Coolants-Coolants (or antifreeze) are basically heat transfer fluids which are used to transfer unwanted heat energy from engine to radiator. Coolants protect system from corrosion and to prevent the freezing of radiator cooling media.

Need of Coolants -. In a automotive engine, only one-third of the total energy produced works to propel the vehicle forward. An additional one-third is removed as heat energy by the exhaust system. The remaining one-third of heat energy produced is taken away by the coolant.

Application of Coolants- Coolant is widely used in automotive and heat transfer applications. Some of the other applications are cooling systems of automotive engine, stationary & marine diesel engines, as a secondary refrigerant, in air conditioning systems,etc.

Engine cooling system- The engine block of liquid-cooled engines contains passageways or water jackets that the engine coolant passes through. The coolant moving through the engine block removes heat from the engine. The coolant then carries the heat it removes back to the radiator through a system of hoses. In the radiator, heat is rejected from the coolant into the atmosphere, with the help of air flow through the radiator. The air flow is aided by forward movement of the vehicle and by a fan which draws air through the radiator, whether the vehicle is moving or stationary.. Coolant is then circulated from the radiator outlet tank through the water pump and into the cylinder block to complete the circuit. Coolant expands as the temperature and pressure rise in the cooling system. When the limiting system working pressure is reached, the pressure relief valve in pressure relief cap is lifted from its seat and allows coolant to flow through the radiator overflow hose into the radiator coolant recovery reservoir. The pressure relief cap has a rubber seal on the underside to prevent leakage. When cooling system temperature and pressure drop, the coolant contracts in volume, reducing pressure in the radiator. Coolant in the radiator coolant recovery reservoir will then flow back into radiator though the vacuum relief valve in the pressure relief cap. The constant control relay module (CCRM) activates the cooling fan motor when coolant or engine reaches a specified temperature. On vehicles equipped with air conditioning, the cooling fan motor is activated whenever the A/C clutch is engaged.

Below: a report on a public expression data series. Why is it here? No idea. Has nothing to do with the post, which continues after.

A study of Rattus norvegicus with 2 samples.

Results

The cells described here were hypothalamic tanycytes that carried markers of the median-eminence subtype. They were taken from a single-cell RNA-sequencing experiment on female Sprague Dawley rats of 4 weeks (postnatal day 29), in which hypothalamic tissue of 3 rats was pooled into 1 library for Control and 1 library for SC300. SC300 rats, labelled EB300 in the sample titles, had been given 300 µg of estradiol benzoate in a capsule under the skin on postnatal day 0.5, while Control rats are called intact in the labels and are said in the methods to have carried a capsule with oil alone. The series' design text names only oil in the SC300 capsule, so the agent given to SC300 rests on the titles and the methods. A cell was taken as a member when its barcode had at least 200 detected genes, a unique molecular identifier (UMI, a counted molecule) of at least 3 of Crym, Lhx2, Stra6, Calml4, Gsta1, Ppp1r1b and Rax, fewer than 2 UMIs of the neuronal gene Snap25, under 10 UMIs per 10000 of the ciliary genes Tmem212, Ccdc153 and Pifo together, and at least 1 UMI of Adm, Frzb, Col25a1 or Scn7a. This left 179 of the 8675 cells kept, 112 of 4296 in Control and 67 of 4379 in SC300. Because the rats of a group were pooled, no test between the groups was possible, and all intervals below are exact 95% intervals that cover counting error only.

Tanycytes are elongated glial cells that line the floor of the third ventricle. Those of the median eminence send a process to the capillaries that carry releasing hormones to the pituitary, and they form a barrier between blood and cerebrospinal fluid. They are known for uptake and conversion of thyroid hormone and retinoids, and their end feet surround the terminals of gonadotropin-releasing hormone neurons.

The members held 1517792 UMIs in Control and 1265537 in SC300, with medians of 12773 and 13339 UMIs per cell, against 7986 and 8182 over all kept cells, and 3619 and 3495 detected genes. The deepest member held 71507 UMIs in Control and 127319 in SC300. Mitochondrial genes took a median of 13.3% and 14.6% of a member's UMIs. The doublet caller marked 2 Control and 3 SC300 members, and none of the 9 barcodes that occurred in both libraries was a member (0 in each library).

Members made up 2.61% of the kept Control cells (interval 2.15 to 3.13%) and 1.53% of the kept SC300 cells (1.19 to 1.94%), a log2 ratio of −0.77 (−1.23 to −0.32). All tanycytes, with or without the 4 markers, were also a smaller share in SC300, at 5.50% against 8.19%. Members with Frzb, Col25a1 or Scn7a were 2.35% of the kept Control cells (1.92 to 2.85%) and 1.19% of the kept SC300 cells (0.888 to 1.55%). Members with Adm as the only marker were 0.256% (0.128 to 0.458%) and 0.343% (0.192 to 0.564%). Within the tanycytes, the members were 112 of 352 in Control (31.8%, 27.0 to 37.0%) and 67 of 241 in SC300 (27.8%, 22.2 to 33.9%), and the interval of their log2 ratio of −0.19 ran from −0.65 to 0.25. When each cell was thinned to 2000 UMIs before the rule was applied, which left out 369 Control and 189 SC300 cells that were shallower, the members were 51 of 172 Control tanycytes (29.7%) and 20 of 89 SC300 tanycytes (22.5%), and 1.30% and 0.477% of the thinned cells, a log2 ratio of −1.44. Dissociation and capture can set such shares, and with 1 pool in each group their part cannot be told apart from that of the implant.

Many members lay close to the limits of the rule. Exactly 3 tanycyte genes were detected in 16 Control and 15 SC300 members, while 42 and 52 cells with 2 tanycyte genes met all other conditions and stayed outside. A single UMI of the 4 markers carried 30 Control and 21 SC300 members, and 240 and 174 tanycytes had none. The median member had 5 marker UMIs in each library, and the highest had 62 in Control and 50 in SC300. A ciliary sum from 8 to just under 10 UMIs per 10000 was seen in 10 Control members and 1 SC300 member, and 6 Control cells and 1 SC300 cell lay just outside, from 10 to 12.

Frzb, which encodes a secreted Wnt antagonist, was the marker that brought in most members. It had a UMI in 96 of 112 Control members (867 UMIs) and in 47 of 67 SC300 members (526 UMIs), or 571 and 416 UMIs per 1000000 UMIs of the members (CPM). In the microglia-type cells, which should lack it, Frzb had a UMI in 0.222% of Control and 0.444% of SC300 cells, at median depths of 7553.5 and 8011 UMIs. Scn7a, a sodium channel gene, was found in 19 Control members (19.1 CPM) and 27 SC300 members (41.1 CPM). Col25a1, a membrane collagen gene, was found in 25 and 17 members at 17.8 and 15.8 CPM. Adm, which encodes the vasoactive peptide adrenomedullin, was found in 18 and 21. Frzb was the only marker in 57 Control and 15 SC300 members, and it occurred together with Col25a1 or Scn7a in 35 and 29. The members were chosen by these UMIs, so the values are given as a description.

Coolant Composition- There is three components that form coolants. These components are ethylene glycol or propylene glycol, de ionized water and corrosion inhibitor. Ethylene glycols about more than 90%, corrosion inhibitors are used about less than 5%.

Ethylene glycol  -Ethylene glycol (IUPAC name: ethane-1,2-diol) is an organic compound  widely used as an automotive coolants (or antifreeze) and a precursor to polymers. In its pure form, it is an odorless, colorless, syrupy, sweet-tasting liquid. Ethylene glycol is toxic, and ingestion can result in death.

Due to its low freezing point ethylene glycol resists freezing. Pure ethylene glycol having a much higher boiling point and lower vapor pressure  than pure water. Ethylene glycol not only depresses the freezing point, but also elevates the boiling point such that the operating range for the heat transfer fluid is broadened on both ends of the temperature scale.